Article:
Skin Bends: Did you know there are a variety of rashes that can present post-diving?

Skin Bends: Did you know there are a variety of rashes that can present post-diving?

DAN, as the leader in diving health and safety, shares some facts about skin bends. A post-dive change in the colour or texture of your skin, such as a rash or marbled appearance, may be decompression-related; they are more common than you might think and are often mistaken for another cause, such as contact with marine life or an allergic reaction. DAN’s facts will help you recognise what to look for should you experience a change in your skin post-diving.

Skin Manifestations of Decompression Sickness

A post-dive itch or change in the colour or texture of your skin, such as a rash or a marbled appearance, may be decompression-related.

Skin manifestations of decompression sickness (DCS), also known as cutaneous DCS, are more common than you might think. Divers often mistake cutaneous DCS for a rash due to another cause, such as contact with marine life or an allergic reaction, or they may just ignore such symptoms. Although cutaneous DCS is usually a mild and self-limiting disease, disregarding it can sometimes lead to more severe manifestations of decompression sickness.

An Itchy Rash

The mildest form of cutaneous DCS is a rash, most commonly on the torso—the chest, belly, back, shoulders, arms or buttocks. Such rashes may look like a sunburn and are usually itchy; some people say it feels as if tiny insects are crawling on their skin. Divers frequently overlook a DCS-related rash, attributing it to other factors or assuming it is nothing serious. Such rashes usually go away in a matter of hours.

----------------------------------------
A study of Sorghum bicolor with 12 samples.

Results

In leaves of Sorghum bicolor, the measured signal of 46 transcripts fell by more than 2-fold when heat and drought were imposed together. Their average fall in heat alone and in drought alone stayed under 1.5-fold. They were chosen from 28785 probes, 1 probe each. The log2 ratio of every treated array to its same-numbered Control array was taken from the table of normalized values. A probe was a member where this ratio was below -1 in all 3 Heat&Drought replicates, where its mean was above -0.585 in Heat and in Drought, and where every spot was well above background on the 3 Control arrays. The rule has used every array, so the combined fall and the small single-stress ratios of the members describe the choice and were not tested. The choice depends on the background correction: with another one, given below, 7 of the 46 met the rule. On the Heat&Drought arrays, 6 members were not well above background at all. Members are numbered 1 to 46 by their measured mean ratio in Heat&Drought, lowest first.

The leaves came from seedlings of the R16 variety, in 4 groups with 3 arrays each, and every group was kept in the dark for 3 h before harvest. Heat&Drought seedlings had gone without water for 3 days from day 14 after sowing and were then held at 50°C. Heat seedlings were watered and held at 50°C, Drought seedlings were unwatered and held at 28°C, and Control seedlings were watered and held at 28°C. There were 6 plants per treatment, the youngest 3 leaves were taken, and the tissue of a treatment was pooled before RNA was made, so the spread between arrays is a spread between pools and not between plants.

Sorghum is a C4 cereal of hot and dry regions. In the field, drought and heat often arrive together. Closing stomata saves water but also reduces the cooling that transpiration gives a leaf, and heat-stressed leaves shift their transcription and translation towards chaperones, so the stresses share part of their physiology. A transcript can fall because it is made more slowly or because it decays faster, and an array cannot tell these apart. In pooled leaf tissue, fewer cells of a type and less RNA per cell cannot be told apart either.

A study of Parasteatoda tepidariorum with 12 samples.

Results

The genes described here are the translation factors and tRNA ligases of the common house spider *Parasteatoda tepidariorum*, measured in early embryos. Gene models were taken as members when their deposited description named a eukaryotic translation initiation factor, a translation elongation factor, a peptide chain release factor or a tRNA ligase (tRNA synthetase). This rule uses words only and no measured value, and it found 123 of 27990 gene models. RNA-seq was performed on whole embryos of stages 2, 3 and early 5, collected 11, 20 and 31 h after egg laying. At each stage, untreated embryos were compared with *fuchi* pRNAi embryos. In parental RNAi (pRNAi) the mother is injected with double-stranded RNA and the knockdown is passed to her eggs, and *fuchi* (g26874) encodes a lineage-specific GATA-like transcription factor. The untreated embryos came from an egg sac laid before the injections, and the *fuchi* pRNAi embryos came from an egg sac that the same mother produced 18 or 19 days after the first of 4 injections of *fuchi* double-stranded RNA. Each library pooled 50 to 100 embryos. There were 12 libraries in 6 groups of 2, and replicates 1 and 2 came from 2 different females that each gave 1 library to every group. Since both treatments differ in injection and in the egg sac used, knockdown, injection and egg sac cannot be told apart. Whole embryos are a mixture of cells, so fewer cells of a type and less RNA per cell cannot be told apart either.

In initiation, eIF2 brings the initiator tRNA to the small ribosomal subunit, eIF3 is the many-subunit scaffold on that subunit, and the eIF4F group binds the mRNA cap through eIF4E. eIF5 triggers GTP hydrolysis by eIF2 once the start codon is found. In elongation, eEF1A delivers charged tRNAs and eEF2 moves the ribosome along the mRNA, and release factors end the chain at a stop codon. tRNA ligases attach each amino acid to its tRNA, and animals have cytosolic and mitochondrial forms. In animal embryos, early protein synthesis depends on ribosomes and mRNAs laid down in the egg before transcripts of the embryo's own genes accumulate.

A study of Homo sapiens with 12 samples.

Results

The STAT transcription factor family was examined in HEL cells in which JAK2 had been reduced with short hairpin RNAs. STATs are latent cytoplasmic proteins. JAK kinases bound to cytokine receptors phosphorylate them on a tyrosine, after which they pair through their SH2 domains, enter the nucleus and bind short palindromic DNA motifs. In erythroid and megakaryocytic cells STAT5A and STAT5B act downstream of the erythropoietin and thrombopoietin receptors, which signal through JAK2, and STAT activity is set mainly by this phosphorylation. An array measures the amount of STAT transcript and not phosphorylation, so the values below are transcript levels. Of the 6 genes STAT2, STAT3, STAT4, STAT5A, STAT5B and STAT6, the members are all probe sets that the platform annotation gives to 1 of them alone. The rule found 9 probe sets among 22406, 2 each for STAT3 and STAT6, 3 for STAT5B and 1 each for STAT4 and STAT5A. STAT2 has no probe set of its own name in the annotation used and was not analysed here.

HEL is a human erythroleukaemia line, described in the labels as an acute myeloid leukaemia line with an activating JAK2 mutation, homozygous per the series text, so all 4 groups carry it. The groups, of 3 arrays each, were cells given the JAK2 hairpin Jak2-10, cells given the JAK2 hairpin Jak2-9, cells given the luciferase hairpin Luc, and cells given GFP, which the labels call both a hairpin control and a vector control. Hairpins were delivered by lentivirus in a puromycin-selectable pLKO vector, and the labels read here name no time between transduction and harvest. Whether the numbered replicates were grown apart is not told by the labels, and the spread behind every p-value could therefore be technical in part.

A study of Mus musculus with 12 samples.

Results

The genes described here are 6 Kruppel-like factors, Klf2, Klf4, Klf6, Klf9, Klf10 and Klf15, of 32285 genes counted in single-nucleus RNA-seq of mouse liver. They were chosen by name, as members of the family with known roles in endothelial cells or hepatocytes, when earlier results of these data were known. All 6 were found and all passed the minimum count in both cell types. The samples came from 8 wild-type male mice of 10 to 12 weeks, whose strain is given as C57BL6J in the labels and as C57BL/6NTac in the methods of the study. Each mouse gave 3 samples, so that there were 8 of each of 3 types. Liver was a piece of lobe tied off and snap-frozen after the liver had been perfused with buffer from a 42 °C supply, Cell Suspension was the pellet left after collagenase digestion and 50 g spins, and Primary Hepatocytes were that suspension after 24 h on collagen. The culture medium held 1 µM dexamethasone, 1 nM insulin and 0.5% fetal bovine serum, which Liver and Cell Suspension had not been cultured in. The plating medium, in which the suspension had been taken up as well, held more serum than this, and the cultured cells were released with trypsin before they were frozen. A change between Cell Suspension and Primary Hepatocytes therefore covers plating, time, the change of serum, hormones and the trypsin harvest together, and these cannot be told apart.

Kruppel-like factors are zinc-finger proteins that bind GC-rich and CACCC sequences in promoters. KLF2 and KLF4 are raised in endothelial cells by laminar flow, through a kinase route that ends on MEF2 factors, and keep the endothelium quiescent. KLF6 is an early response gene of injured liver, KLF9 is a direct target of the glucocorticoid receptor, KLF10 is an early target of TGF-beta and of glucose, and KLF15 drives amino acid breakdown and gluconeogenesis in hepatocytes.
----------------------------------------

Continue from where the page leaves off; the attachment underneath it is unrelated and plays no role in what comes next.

Cutis Marmorata

A condition called cutis marmorata, characterised by a marbled pattern on the skin, is a more severe form of cutaneous DCS. Such lesions typically appear on the same parts of the body as milder DCS rashes but are usually bright red, purplish or even bluish, with an uneven pattern. The colouration may appear in patches or, in severe cases, may begin on the chest and spread downwards. Cutis marmorata may be extremely itchy, and affected areas sometimes feel tender to the touch. Often, however, divers with cutis marmorata don’t feel anything and become aware of the change in their skin only when they see it.

Lymphatic DCS

Lymphatic DCS affects your lymph system, a network of fluid-filled vessels that works in concert with your circulatory and immune systems. Its primary symptom is a swelling of the skin, most often on the chest or arms. Swollen areas will have a pitted appearance, like the skin of an orange, and may be painful. If a swollen area is pressed lightly with the tip of a finger, the resulting indentation will remain for a few moments. If you’re affected by lymphatic DCS, you will usually be aware something is wrong.